The Jewish State Theatre of Bucharest(the Jewish State Theatre of Bucharest, Romania)

During the past half-century, heart-rending eulogies have been intoned over the death of the Yiddish theater. The demise of countless Yiddish theatrical companies—from the attrition that completely erased New York’s once vibrant Yiddish theater epicenter on Second Avenue to the violent destruction of Yiddish culture in the Soviet Union—has rendered the story of Yiddish theater an essentially tragic one. Solomon (Shloyme) Mikhoels, the artistic director of the Moscow State Jewish Theater and chairman of the Jewish Anti-Fascist Committee during the Second World War, was murdered at Stalin’s command in 1948, a tragedy that marked the beginning of the brutal liquidation of the Soviet Yiddish intellectual elite and which has hovered like a dark cloud over the Yiddish theatre world ever since. This elegiac mood has, understandably enough, characterized just about every treatment of the once-great Yiddish theater.

Except this week in Montreal, a city whose summers are generally filled with festivals, from the 12-day Festival International de Jazz to the Juste Pour Rire (Just for Laughs) Comedy Festival. In this cultural capital of French Canada, Yiddish theater, rather than being mourned, was celebrated in grand style, at the nine-day Montreal International Yiddish Theatre Festival, an event with no precedent in Jewish history—not even in the interwar heyday of Yiddish theater.

At the festival’s opening evening gala, which had the elegant ambience of a Viennese grand ball, Montreal’s francophone mayor, Gérald Tremblay, addressed a standing-room only crowd in his city’s Segal Theater for the Performing Arts (which is the only permanent stage for a Yiddish theatrical company in North America). Tremblay expressed his amazement at the tenacity with which the city’s Dora Wasserman Yiddish Theater, currently celebrating its golden anniversary, has not only survived, but grown to include youth ensembles and a newly-announced academy for training Yiddish actors. Tremblay likened the cultural depth that allowed Yiddish to survive in Montreal to the similarly remarkable survival of French as the official language of Quebec, in the voracious sea of Anglophone North America. The survival of Yiddish theater in Montreal is largely thanks to the insurmountable spirit of its late founder, Dora Wasserman (herself a student of Mikhoels) and her daughter, Bryna, its current artistic director.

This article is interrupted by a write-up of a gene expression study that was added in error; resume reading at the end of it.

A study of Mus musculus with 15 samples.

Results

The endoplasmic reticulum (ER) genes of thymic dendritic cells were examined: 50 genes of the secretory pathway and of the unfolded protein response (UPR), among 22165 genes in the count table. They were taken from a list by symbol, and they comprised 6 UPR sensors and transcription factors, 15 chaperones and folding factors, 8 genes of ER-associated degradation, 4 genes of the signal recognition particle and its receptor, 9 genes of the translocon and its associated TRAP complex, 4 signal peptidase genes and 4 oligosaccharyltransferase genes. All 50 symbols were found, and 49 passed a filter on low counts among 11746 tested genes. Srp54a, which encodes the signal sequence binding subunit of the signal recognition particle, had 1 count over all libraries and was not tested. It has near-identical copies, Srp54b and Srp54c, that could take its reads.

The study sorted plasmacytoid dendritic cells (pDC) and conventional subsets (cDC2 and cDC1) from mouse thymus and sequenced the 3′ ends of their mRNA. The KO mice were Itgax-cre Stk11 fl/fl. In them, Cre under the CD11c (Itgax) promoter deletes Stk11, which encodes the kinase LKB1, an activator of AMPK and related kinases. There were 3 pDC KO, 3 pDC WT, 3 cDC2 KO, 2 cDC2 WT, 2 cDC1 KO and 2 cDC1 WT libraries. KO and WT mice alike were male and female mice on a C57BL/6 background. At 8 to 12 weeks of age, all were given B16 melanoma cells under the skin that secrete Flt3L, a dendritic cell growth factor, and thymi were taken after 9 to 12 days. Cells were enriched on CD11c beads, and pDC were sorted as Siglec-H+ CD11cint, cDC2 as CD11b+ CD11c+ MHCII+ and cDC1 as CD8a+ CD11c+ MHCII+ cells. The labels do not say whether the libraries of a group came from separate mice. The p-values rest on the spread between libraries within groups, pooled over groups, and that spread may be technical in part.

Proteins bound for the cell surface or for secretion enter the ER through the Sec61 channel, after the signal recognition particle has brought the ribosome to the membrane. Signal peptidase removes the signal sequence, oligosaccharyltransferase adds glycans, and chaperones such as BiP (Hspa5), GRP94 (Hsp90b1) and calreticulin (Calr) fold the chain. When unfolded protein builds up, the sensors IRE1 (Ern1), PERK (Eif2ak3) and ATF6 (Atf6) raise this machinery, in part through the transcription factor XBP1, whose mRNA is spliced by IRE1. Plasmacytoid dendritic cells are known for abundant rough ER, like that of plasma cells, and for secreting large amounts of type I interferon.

This same note of affinity between Jews and French Quebeckers (or Quebecois) was sounded by French Canadian theater historian Jean-Marc Larrue, one of a dozen scholars of Yiddish culture—including myself and several other Tablet Magazine contributing editors—who presented papers at the Festival’s day-long symposium, an event supported by McGill University, one of the festival’s many co-sponsors.

But the centerpiece of the festival was a schedule packed with almost non-stop Yiddish acting, singing and dancing on a single stage, thanks to the convergence in Montreal of just about every surviving Yiddish theatre troupe in the world—the Kaminska Polish National Theatre from Warsaw; Israel’s Yiddishshpiel from Tel Aviv; Le Theatre en L’Air from Paris; the State Jewish Theatre of Bucharest from Romania; Melbourne Yiddish Theater, from Australia; and the New Yiddish Rep Theater from New York, among them—to perform more than 20 classics of the Yiddish stage over the course of a single week. In tandem with this frenetic activity there was a Yiddish film festival featuring 12 different screenings, daily Yiddish music performances, a grand Sunday outdoor Yiddish Woodstock style “Zumerfest,” and more than 20 workshops and classes on every aspect of the Yiddish theatrical arts.

At the opening gala, after the lavish cocktails, and following the local Dora Wasserman Yiddish Theatre performance of a few choice musical scenes from their brilliant Yiddish adaptation of Pirates of Penzance, all the visiting Yiddish actors—from nine different countries—were called onto the center’s massive stage. And, joyfully, there was not nearly enough space for half of them. As they joked, jockeyed for room and did all the shtick one expects of actors fighting for space, there wasn’t a dry eye in the house (mine included).

Yiddish culture—the meteoric rise and brutal destruction of which encompass less than a century—was felt, at least during this extraordinary and glorious festival, not simply to be off life support, but to be alive and generating an exuberant celebration. These were not the nine days of mourning that mark the summer of the Jewish calendar, but rather nine exuberantly happy Yiddish days of summer. And this unexpected festival can only be classified as existing somewhere between the counterintuitive and the miraculous.

Allan Nadler is professor of religious studies and director of the Jewish studies program at Drew University.